Why is it that those outside the US can see the draconian nature of these laws, but we cannot?
By Charlotte Silver
Stringent sex offender laws in the United States destroy lives and do little to mitigate repeat offences.
Maybe it is not so surprising that all we can think to do with a subject we are simultaneously obsessed with and repulsed by is publicise it at every opportunity.
Sex crimes: The only kind of offence in the United States that compels all convicted perpetrators to register their name, address, date of birth, fingerprints and a photograph on a public website.
And what constitutes a sex crime? The breadth of this damning classification is alarming and includes public urination, consensual teen sex, sale of sex and exposure of genitals (including in the case of children) - as well as violent rape.
One poignant example of the irrationality and senseless devastation of overreaching sex offender laws is the story of Evan B, as told by (PDF) Lara Geer Farley. When Evan was in high school he was arrested for exposing himself to a group of his female peers. A court sentenced him to four months in prison, but after he was released he was obliged to register as a sex offender. The stigma drove Evan to drop out of school, leave his home in Salina, Oklahoma and move to Tulsa, where the arduous requirements associated with his sex offender status meant that he could not maintain employment. A month before he should have turned 20, Evan shot and killed himself.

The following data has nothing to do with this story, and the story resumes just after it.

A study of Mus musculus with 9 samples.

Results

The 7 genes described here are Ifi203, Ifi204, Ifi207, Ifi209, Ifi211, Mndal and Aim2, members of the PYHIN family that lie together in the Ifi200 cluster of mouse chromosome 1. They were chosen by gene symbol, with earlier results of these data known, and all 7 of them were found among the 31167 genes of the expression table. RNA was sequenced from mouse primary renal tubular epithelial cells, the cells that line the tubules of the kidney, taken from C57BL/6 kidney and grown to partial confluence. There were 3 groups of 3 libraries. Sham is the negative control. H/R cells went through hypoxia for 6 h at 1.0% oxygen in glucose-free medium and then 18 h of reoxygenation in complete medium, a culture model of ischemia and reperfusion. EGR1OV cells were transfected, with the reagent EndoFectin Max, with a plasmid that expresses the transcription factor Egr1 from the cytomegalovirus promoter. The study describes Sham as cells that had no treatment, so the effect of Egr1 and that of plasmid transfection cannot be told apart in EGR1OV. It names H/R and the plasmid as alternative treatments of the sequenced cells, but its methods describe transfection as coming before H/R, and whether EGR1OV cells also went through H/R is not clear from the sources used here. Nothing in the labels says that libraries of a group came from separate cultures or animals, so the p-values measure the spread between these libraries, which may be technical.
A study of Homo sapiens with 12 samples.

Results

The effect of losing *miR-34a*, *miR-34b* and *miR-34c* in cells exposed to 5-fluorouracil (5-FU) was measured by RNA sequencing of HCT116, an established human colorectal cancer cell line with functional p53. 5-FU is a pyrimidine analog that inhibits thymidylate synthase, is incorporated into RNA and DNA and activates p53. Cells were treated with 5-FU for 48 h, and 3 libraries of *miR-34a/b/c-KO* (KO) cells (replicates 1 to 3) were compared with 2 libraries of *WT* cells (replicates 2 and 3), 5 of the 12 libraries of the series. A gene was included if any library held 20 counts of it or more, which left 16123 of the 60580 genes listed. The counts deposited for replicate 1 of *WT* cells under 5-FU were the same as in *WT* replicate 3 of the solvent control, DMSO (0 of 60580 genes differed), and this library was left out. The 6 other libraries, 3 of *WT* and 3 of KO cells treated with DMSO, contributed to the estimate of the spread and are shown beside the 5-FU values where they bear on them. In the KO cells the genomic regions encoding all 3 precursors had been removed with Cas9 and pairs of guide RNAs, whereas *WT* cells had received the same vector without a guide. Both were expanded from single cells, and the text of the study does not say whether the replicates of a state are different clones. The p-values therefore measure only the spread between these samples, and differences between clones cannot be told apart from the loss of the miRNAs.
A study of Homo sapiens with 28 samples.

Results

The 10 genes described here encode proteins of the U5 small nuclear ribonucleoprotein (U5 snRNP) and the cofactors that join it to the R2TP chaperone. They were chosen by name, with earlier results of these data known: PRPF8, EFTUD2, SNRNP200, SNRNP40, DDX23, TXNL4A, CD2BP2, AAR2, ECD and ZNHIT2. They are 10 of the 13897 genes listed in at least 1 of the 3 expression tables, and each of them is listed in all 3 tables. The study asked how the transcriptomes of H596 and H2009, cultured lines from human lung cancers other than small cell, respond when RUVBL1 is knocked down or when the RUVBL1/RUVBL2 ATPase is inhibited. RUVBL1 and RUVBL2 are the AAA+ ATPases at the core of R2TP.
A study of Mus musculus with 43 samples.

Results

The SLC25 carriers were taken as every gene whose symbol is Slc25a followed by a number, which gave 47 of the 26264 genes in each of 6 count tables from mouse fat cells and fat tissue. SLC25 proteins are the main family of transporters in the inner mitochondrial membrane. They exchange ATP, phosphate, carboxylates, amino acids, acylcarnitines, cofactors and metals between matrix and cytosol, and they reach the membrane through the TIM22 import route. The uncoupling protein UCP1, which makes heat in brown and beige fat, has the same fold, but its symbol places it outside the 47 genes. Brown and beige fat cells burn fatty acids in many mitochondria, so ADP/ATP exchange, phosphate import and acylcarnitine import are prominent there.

And this: A comprehensive Human Rights Watch report, published in 2007, draws attention to the common case of teenage boys aged 15, 16, 17, who have consensual sex with their teenaged girlfriends, finding themselves charged with pedophilia. They will be labelled and publicly registered as "pedophiles" for the rest of their lives.
In some states, boys as young as 10 who expose themselves to their female friends or relatives are forced to register as a "sex offender" before they understand what sex - or exposure - is.